I am surfacing from a long time underwater, awsim in edits, both freelance and personal, as my first collection of short stories is due out this fall (plug, plug..) , and herewith is a photo of the beautiful painting, sitting on the easel of talented artist Mr. Louis McNally, which shall grace the cover of the book.
Much ado-s about somethings and nothings have occurred over the weeks of my submersion. One of my favorite novels, the 2oth century classic, The Master and Margarita by Mikhail Bulgakov, has just been given the graphic treatment by Andrzej Klimowski and Danusia Schejbal, and the Guardian have a slide show of some of the gorgeous artwork of this re-issue, which will be available in the US in October.
On July 17th, Kay Ryan was named the new US Poet Laureate, and her first public appearance will be at the National Book Festival in Washington DC in late September. The New York Times offered this article by way of introduction to Ryan’s work. And yes, its official, Salman Rushdie’s Midnight’s Children is the Booker of all Bookers, in one of the most bizarre “best of” competitions ever to take up print-space. I guess I’m going to have to read it now, darn it, though some doubt has been cast on how many of those folks who voted for it have actually read it, and how much of its popularity is due to Rushdie’s name recognition. Nevertheless, if Rushdie is now the reigning King of the literary darlings, then surely Jhumpa Lahiri is Queen, so exalted that judges simply brush aside her competition with nary a glance. The decision of the panel behind the Frank Connor Award for short fiction to dispense with a short list altogether, and simply declare Lahiri’s Unaccustomed Earth the winner, has caused little ripples of annoyance in some quarters. Yet another book I’ll have to read…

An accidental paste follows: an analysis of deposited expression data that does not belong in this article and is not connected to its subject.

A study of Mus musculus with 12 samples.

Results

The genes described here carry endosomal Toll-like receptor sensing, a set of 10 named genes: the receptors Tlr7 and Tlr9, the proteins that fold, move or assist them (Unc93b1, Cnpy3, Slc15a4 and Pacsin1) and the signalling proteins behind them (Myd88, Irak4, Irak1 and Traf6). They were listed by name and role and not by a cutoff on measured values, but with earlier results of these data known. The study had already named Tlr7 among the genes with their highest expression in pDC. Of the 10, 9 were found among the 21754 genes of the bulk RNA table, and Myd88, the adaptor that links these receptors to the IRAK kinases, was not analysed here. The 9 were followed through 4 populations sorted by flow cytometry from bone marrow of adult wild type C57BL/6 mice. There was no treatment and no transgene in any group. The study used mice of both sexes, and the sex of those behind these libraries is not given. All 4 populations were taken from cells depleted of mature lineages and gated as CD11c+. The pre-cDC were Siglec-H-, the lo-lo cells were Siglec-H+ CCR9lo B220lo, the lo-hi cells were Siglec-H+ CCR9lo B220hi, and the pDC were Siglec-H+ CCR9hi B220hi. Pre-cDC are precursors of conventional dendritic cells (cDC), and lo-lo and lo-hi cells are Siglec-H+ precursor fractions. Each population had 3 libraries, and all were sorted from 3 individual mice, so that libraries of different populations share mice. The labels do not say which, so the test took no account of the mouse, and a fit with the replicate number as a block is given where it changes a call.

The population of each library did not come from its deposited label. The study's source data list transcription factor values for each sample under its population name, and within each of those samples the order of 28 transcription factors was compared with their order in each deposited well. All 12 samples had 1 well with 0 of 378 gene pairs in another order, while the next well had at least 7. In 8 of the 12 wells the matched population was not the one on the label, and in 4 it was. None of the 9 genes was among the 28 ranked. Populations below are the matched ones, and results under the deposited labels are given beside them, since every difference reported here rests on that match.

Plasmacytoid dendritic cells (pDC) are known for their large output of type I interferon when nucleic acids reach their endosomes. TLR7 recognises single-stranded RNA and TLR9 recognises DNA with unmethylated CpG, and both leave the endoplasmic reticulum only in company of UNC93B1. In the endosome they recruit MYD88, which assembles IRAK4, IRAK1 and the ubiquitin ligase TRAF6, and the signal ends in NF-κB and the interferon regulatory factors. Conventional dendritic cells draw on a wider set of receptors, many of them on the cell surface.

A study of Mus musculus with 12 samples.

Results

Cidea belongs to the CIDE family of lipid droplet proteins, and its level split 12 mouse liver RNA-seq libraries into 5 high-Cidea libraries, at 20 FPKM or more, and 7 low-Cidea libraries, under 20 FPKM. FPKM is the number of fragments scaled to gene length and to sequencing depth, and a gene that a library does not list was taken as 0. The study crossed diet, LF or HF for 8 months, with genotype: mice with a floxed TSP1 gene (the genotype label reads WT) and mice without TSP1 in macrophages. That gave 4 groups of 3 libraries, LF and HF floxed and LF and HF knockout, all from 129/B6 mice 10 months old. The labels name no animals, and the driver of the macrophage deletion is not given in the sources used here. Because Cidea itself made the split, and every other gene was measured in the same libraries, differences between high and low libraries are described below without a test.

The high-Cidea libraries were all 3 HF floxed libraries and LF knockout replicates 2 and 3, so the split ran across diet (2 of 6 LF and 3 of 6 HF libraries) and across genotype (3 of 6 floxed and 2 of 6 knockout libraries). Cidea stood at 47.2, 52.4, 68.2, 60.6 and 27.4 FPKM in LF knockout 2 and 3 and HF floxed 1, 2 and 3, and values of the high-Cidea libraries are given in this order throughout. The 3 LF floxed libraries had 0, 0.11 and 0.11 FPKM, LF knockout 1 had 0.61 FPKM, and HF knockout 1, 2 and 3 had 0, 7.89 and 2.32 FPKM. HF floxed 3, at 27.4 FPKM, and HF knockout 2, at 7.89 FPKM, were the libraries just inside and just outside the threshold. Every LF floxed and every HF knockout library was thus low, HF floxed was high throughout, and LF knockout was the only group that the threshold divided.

News of rapidly diminishing book review coverage continues with the announcement this week that the LA Times will no longer have a freestanding Sunday book section. LA Times editor, David Ulin, in conversation with PW’s Sara Nelson, says they will increase their on-line coverage by way of compensation. Past LA Times book editors sent a letter to senior management highlighting their dismay at this latest nail in the coffin of cultural discourse – as the blog of the NBCC noted dryly, ‘will the last book review editor, please turn out the lights…” John Sutherland on the Guardian’s blog, made an attempt to understand why literary criticism is an endangered art form, and concludes that criticism is moving from traditional paper onto the web, with, he believes, dire consequences. “The blogosphere,” he writes, “is doing for literary style…what texting did for punctuation.” Ouch!